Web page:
Round rails in the rear third?

How would making the rails rounded (reducing release) in the rear third of a board make it handle?

My assumptions:

- Plenty of hold

- Limited speed

- Slower turning


I’m designing a board with BoardCAD that has a wide nose and tail, and a narrower mid section for very parallel rails. I’d like to have a board that can line up in the power section of the wave and glide (preferably after a bottom turn) without speeding away too quickly. I like single fins, but since the tail is wide, to reduce slip I want to add two little stubby sidebite fins (this way, I could pivot the board for a little extra speed to make a section).

What do you think? Any advice?

I have a simm that only has a hard edge a couple inches in front of the keels and if your foot is not right over the fins/hard edge, it spins out very easily.


Closer to a longboard with 50/50 rails.

Line up the power section, and glide, without speeding away too quickly? 

Learn to stall.  Weight the inside back rail, and drag your hand in the face.


I like doing this, but I feel I need to be more towards the tail of the board. I love to ride up near the front third (feels like a freight train).

Generally speaking , you do need releasing edges through or behind the fin or fins , to allow some speed…

In my humble opinion, you are heading down the wrong path.  You are trying to slow down, and speed up from the same spot on the board (front third).  It just doesn’t work like that.  Weight in one orientation to slow down.  Weight differently to speed up.

Round rails in back will drag water, and the tail will get pulled up the face on a steeper wave.  You will be giving up rider control, and instead will end up with a board that is unresponsive, and goes where the water drags it.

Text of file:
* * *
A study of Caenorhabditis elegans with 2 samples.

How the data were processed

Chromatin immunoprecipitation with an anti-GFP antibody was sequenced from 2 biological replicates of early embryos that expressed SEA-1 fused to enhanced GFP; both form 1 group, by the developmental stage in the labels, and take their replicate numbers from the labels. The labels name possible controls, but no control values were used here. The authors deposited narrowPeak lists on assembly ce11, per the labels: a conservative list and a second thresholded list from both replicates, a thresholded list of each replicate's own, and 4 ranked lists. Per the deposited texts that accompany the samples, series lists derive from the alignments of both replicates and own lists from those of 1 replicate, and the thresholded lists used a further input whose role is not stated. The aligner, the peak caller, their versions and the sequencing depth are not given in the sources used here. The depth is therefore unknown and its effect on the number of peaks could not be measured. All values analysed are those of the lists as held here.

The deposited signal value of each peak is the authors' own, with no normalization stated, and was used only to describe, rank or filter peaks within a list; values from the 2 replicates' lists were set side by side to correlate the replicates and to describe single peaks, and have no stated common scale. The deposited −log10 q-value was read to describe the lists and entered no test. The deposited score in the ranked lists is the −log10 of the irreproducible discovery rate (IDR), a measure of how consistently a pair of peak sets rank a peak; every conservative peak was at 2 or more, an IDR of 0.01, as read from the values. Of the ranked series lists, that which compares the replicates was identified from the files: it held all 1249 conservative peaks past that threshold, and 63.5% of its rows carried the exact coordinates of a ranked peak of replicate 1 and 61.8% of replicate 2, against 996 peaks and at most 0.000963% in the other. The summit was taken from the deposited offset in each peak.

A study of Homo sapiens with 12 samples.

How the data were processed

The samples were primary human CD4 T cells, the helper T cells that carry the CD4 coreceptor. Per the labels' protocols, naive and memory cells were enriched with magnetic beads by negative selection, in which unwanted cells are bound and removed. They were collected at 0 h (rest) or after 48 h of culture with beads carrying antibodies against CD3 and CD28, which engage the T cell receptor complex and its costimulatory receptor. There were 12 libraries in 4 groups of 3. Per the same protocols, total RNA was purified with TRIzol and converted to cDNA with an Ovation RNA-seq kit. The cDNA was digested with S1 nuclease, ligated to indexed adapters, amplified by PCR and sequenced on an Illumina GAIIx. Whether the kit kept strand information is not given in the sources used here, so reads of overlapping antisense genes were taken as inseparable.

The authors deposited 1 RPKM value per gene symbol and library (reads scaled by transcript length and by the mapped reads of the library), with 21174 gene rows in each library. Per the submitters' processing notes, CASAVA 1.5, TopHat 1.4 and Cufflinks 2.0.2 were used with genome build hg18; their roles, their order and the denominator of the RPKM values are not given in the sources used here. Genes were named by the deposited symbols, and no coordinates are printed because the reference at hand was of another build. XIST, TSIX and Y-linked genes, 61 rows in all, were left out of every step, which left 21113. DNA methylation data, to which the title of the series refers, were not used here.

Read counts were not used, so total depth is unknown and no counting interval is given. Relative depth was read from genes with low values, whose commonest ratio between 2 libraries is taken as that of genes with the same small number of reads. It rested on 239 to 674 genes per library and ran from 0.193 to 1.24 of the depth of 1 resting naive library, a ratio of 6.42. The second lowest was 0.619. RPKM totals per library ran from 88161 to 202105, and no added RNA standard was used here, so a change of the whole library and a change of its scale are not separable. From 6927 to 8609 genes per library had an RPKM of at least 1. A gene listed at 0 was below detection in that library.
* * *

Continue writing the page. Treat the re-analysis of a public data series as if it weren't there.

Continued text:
Great for a stable noserider that stays where you put it.  But give up on high performance.

Or worse… you could try up rails on the tail. I love mine on the 10’

Horses for courses eh toaster…I love me soft-tail Pig !

Plenty of hold:  No, much less control unless you’ve got some kind of fin setup to compensate.   Limited speed:  Yes, if it’s a LB, you’ll be moving to the nose more.  Slower turns:  Yes, more drawn out.

All of this is effected by other factors.  You need to look at the total package when examining design.  Weighting the factors: (1) Rocker/bottom contour, (2) Fins, (3) Rails, (4) Outline.

If you've tried the 'spoon in faucet' trick you'd probably agree with Skip "Round bottoms suck - literally" Frye.

That said, there are plenty of round bottom, soft rail, kick tail, wide point aft 'Pig' aficionandos who today think Velzy was on to something.  Many pig style boards have big D/skeg type fins to counteract all the curvature in those tails and they work.  They fit the pocket well and allow sharp turns but do suffer from terminal velocity in certain situations.  I'm amazed to this day at the surfing that was being done during the filming of "The Endless Summer" by Mike Hynson and Robert August on pig style boards.

Like PeteC says, "You need to look at the total package when examining design."